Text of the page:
As we transition from 2020 year to 2021 I find myself reflecting on the nature of change. In bringing this subject to the forefront of my thoughts I realised how change is a constant flow of energy in the background of our lives. Day follows night which follows day; morning passes into afternoon that passes into evening; one year follows another as time goes by; in our hemisphere Spring leads to Summer, that leads to Autumn, that leads to Winter that leads to Spring; endings contain beginnings that seed endings that contain beginnings; each year we grow a year older; hair grows, gets cut and grows again, to name a few silent constants in life.
It seems to me we really only notice change when it comes with a force that awakens us to its existence. And so often that meeting is filled with resistance. Change comes in the guise of illness; accidents; births; new relationships; deaths; losing a job; getting a job; leaving home; buying a house; becoming homeless; addiction; recovering from addiction; facing our demons; embracing our goodness; losing an ability; discovering a latent talent; learning a language; moving country; entering a new culture; gaining riches; entering into poverty; becoming famous; becoming infamous; and all the various ways each and everyone of us has been challenged in one way or another to face the reality of change. As the Buddha said many years ago” Nothing is forever except change”.
Having spent the past 10 years exploring the link between the movement practices I teach and neuroscience in the Embodied Presence courses I notice so often that the first response to change is to resist. It is almost like we will embrace the change if we can be guaranteed the outcome. As if we could “magic” the change to happen overnight and without any challenging impacts on us. Yet my experience of change is the complete opposite. Change is a process and to enter into the process I have to give up the idea that I can control the outcome. Yes I can allow myself to imagine how I might wish to be, but making that wish be a fixed outcome may lead me to resisting the various opportunities and challenges that the change process will inevitably throw up. I recognise the human condition of needing to feel safe, to be secure and to know what is ahead of us. We are creatures of habit – even habits that cause us pain, at least we know them and are in a perverse way attached to them.
” Change is hard at first; messy in the middle and gorgeous in the end.” Robin Sharma
Detaching from old ways and patterns is hard and there is often a part in the process where we truly may not know where we are going or even why we embarked/embraced the change. We hear the mantra ” we want to go back to normal”. Yet back to normal is no longer an option. As to go back to what we called normal would mean we would have to bury or deny the process we are in. We cannot unknow something we have learned- we can “forget”; we can pretend; we can deny but all that takes energy.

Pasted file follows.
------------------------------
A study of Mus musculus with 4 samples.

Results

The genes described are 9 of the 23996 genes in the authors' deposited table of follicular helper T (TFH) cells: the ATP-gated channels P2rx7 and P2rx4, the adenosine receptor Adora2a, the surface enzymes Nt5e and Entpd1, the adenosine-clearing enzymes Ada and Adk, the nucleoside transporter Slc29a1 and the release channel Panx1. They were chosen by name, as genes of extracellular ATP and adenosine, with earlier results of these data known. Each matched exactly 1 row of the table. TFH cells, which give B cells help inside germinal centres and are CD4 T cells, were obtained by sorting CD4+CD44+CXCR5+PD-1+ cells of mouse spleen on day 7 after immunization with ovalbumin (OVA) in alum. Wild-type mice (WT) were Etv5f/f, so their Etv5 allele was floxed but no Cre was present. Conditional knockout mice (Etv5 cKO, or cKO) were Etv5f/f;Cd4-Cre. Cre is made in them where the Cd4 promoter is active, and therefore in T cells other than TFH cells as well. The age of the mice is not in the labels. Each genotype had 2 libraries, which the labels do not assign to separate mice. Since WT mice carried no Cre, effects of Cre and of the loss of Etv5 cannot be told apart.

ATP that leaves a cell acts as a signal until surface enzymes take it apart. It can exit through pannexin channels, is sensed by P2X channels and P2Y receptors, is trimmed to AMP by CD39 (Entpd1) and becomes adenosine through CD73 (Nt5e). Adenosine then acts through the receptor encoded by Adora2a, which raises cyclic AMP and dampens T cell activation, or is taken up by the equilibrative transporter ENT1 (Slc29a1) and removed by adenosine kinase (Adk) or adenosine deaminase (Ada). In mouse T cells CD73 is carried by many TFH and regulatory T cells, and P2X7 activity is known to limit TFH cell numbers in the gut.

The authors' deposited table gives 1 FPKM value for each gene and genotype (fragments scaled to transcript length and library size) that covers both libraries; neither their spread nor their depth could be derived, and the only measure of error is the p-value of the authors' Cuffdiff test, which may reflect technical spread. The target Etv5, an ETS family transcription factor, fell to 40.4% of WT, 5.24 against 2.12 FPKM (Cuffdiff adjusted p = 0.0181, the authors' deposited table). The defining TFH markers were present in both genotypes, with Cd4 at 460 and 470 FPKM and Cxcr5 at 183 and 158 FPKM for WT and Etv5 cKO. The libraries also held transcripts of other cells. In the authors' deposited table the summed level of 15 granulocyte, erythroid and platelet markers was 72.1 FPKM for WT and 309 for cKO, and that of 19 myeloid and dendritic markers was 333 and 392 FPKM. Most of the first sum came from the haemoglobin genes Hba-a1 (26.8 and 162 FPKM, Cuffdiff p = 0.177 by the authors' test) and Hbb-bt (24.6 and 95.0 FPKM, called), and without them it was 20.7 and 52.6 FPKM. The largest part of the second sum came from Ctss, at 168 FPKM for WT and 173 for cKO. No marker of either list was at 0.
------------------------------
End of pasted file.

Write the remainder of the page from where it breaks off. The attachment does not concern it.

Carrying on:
This time of the year we are often full of promise and resolutions for change without the knowledge that the change will take discipline, consistency of purpose and most of all positive support. It takes one foot in front of the other day after day until there is a space between the old way and the possibility of the new. That space for me is to be valued, nurtured, tended with care and most of all patience, like I would a plant where the possibility of growth shows its head above the soil.
If I have learned nothing else this past year it has been the profound difficulty of change and how to find ways and means to work with it rather than against it. I think this is one of the most profound collective change processes that this generation has engaged in and I believe we can never “return to normal” if normal means how it was before.
From listening to friends and students the change for some has been devastating, for others it has produced a positive fresh way of being, others are somewhere in between.
I am still in the messy middle of wondering what this huge upheaval is all about. I know it has offered me new ways of working -using zoom, something I appreciate but still do not like; a new way of experiencing what it is to live in the one place day after day, to stop travelling; it has taken me to the depths of loneliness and the strange new ways to connect; it has forced me finally to look into a part of my way of living that I have manged to avoid all my life, or at least skirt around the edges, and that is truly messy inside me at present.
Even still each morning as I awaken I know a sliver of hope lurks in the shadows that I will hear it is all over and I can pack the car, take off and teach in person. Then I awaken fully to the reality of the day and I know the only thing I can do is put my foot on the floor and step into yet another day in this messy middle, bringing with me the knowledge that I am being shaped and changed by this experience.
I have stepped far enough thru this year to see the space between the dreams and wishes I had at the start of 2020, how they got blown out of the water and where I am right now as I write these words. I can sense less clinging to how it was in my life and a growing sense of moments of tolerance for the not knowing what is ahead. I can see more clearly the positive resources that are available to me to stay steady and keep putting one foot in front of the other as I grieve the loss of life as I knew it and turn towards this new year, this new opportunity to finally accept that the only constant in my life is change- both the tolerable and intolerable ones.